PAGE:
The Club was founded in 1835 and is the oldest sports club in the city, including the Wolverhampton Wanderers Football Club, both of whom are steeped in success and possess strong traditions and loyal spectators.
Our Club played at various grounds around Wolverhampton before moving to its current site in 1890. Through the kind generosity of Mrs Swindley, whose family owned much of the green belt we see today in Tettenhall, she bequeathed the land to the Club in 1940, on the understanding that cricket was played there in perpetuity.
The Club boasts having had some of the past “greats” play on the ground, including in 1911 a match between GE Jessop’s XI and HD Stratton’s Wolverhampton XI. Playing in this game were such luminaries as WG Grace and probably the best Staffordshire cricketer the county has ever produced, Sidney Barnes. A photograph of the players in this match is proudly displayed in the Clubhouse.
The Club has achieved much success in the last 40 years alone including, 23 Saturday League Championships, three National Clubs K.O. Cup Finals, winning twice, one Staffordshire Cup, three 20/20 Cups, and the Birmingham & District Premier League Challenge Cup. Prior to the demise of all the local limited over knock-out competitions, and Sunday Leagues, the Club was used to winning at least two every year. So the Club has a strong history of success.
However, changes within society have forced all clubs to meet new challenges, and ours is no exception. Some of these changes have resulted in the demise of Sunday cricket, whilst other challenges have been created by financial constraints and the diminishing number of cricketers, who remain loyal to one club. So this Club, like others, has started to rethink its modus operandi.
The Club has, over the last five years, begun to develop into a community hub, which has involved broadening the membership and usage of the facilities. Latterly we have sought to develop our involvement in Disability Cricket and to that end have gained the co-operation of the Wolverhampton Rhinos Basketball Club, the Beacon Centre for the Blind, and Staffordshire Cricket Board, so that we are able to start our involvement in this area.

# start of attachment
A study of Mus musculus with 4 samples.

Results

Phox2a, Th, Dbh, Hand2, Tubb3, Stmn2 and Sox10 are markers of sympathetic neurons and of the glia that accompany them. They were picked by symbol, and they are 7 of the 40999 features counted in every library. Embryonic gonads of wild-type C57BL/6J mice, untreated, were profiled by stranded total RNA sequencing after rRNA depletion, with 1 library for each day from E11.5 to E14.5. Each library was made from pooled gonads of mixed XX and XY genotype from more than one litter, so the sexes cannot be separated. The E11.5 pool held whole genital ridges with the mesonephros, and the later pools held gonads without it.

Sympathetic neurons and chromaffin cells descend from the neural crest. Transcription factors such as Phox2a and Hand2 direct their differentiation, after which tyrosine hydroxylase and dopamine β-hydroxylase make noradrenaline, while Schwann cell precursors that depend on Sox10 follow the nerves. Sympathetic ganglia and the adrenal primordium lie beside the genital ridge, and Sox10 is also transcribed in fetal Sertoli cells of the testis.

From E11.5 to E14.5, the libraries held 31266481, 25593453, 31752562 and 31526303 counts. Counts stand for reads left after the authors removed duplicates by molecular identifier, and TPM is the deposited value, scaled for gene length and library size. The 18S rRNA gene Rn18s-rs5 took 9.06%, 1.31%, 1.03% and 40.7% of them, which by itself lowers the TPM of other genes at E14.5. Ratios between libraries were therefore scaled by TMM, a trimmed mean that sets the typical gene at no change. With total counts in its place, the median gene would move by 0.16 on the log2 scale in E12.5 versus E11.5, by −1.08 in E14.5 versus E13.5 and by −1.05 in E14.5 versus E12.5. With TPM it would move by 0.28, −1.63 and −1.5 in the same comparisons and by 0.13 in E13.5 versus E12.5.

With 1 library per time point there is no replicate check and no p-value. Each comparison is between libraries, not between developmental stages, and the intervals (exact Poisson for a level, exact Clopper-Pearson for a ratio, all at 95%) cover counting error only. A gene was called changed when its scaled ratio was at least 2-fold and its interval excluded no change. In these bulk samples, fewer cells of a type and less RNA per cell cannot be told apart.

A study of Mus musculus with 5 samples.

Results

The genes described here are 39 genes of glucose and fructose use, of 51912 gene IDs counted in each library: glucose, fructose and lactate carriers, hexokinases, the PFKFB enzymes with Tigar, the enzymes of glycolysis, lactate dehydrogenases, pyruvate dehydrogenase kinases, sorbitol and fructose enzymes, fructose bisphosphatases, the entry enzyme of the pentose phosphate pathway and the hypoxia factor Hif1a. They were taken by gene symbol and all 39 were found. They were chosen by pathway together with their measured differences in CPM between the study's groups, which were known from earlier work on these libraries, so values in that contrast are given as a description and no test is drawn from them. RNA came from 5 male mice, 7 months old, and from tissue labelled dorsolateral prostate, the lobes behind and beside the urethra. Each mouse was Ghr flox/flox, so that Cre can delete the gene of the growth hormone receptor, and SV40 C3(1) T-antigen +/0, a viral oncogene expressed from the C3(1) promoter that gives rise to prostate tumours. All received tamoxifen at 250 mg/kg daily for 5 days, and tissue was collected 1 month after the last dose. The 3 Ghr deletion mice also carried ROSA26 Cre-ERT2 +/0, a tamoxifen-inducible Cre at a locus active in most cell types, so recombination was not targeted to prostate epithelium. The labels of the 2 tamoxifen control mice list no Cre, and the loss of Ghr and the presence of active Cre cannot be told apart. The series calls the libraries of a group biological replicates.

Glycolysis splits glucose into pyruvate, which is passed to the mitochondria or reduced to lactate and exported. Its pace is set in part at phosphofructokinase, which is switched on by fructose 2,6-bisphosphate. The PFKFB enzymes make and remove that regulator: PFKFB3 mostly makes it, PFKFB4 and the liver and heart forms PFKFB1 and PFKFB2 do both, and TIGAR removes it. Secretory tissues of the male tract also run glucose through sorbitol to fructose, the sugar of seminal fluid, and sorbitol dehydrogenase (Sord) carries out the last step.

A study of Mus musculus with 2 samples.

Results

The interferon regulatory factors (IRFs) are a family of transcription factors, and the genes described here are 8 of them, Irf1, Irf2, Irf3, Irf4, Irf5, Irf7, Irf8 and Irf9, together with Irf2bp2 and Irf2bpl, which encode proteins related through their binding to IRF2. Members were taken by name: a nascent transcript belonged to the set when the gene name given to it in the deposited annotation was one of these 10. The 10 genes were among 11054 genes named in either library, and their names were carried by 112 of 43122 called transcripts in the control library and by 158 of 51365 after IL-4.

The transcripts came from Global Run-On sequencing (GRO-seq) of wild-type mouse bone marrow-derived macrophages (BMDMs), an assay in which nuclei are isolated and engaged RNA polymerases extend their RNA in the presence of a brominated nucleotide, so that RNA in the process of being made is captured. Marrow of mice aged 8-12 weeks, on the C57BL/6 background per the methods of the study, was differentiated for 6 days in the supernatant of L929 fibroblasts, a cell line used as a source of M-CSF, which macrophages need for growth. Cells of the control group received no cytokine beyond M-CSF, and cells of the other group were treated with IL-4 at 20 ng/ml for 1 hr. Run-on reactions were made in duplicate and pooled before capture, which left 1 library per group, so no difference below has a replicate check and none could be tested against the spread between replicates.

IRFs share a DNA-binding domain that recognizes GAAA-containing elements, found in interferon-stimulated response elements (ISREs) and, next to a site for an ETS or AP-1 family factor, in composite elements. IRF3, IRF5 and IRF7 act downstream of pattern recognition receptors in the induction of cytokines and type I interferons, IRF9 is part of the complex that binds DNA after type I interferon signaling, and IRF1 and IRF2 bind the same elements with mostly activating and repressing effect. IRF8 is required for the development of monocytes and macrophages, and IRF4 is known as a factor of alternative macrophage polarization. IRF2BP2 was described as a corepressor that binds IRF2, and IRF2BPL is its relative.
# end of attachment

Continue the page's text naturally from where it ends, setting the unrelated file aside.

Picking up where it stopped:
In order to give our own players some idea of the difficulties disabled cricketers face, we have set up a cricket game on our Open Day, between the Lancashire Lions Visually Impaired Cricket team, together with representatives from the Beacon Centre for the Blind. Our team will, however, wear simulation spectacles and blindfolds, in order to make the game a much more level playing field. Also present at this event will be the England Visually Impaired and Physical Disability squads.
We are delighted to welcome everybody to our Open day, which is an ECB sponsored event, and hope you enjoy the day’s events. In particular, we are very pleased to welcome Samit Patel of England and Nottinghamshire cricket fame, who will oversee some junior coaching sessions, which we are sure will provide a completely different perspective of how best to play this great game of cricket.
The club has also been proactive in several other areas, like organising an asset transfer of the Danes ground from the City Council, which will enable us to guarantee cricket in perpetuity on that ground too, but also enabling us to offer junior football to a larger number of teams during the winter months. We have also continued to encourage social clubs, organisations and associations to utilise our facilities during the entire year. We believe as a club that we need to bind ourselves more closely with the community in which we reside, so that we can more fully meet the needs of those within it, which in turn, we hope, will secure the future of Wolverhampton Cricket Club.